Is there a life after politics?

by Stephen Tall on April 10, 2008

So, today marked my last Council committee. Though, a la Frank Sinatra, I will have many more such ‘farewells’ in the 21 days which remain of my life as a councillor. (Last area committee, last civic occasion, last Full Council, etc.).

I took the decision a few months ago to stand down from Oxford City Council when my third term expires but have kept schtum about it – chiefly because I hated the idea of being a lame-duck councillor whose pleas to council officers were ignored because “he won’t be around for much longer”.

There’s lots of reasons for my retirement… a new house, a new job which deserves my full daytime attention, and a partner who deserves my non-work attention, a new niece… above all, a feeling that I don’t want to turn into one of those councillors who hangs around in the hope of one day becoming Lord Mayor, rather than because they have anything fresh or energetic to offer their residents. After eight years, and three election campaigns, it’s time for me to make way for a Lib Dem campaigner with the vim and vigour to tackle the issues I have been grappling with in my ward since 2000.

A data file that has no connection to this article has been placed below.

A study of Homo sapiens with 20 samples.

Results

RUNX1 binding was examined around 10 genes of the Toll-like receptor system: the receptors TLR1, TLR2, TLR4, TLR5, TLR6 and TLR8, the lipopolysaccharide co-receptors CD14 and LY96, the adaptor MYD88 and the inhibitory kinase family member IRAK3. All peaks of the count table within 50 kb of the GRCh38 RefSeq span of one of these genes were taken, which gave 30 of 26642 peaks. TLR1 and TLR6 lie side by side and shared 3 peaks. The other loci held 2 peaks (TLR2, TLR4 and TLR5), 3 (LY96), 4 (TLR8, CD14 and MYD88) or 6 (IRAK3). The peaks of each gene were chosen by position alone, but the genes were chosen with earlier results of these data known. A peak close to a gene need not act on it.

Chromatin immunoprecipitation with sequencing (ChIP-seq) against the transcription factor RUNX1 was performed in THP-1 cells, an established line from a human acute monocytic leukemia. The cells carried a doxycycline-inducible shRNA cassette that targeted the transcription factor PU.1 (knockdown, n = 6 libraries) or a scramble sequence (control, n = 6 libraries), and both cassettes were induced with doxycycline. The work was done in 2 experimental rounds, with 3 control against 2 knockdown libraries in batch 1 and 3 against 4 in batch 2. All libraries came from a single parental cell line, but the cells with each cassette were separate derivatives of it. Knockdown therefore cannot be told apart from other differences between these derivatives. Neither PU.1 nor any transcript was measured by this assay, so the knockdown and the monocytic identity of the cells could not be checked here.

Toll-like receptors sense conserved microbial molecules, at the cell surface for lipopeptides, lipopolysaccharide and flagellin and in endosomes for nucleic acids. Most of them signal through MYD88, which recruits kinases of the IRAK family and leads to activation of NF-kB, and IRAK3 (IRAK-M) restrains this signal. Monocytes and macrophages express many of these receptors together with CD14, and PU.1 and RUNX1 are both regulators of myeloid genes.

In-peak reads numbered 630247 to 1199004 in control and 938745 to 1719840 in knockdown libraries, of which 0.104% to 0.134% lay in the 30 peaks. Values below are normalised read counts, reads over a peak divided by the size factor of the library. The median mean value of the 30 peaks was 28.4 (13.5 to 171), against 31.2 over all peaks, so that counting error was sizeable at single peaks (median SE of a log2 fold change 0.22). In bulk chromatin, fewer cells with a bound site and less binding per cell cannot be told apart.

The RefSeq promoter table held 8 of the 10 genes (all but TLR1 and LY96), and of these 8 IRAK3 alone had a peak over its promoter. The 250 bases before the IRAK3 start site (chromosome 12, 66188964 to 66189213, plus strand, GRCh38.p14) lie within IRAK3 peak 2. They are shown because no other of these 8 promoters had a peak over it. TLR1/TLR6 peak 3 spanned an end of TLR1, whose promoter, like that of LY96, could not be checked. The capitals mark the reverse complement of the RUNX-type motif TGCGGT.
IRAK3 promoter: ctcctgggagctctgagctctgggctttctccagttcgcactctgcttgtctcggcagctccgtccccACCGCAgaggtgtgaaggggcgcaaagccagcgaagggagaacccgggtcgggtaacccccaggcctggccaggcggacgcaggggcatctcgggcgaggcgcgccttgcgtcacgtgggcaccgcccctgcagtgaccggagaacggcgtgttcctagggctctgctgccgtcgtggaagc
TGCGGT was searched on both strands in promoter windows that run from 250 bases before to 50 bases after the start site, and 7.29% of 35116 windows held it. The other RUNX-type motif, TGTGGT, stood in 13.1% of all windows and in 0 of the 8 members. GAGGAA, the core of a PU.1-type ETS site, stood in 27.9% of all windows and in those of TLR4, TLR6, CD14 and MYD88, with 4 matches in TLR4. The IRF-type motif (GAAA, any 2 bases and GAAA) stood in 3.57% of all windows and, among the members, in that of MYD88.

There are things I will miss – my Council colleagues, and, especially, the residents I’ve got to know so well – but, if I’m honest, more that I won’t. My pet hate is meetings of Full Council: five hours of torpor in which councillors grand-stand to no purpose in the unrequited hope of being quoted in the local paper.

Its an oddity of Oxford politics that most councillors rub along together pretty well, and can find more to agree on than disagree… until they sit in the Town Hall council chamber. At which point, some form of collective guilt takes over in which councillors fear they’ve betrayed their principles by cooperating with opponents, and decide to turn into mindless, partisan morons.

Never say never and all that – and I’ve not ruled out a return to the City Council at some point – but if I never attend another meeting of Full Council, it will be too soon.

But there are things I’ve achieved, a fair number, for my residents over the years; and I will miss not being able to achieve similar such things in the future. And there are things I’ve failed to achieve, more than I’d like, for my residents over the years; and I regret I won’t be in a position to try and put that right in the years ahead.

When I finally, finally finish – on 1st May – it will be distinctly odd. The Council has been so much a part of my life for eight years that I’m curious to find out how I’ll manage without it, as I re-discover a life beyond politics. I know this is the right time to leave. But I don’t regret a moment of it. Truly, it’s been a privilege.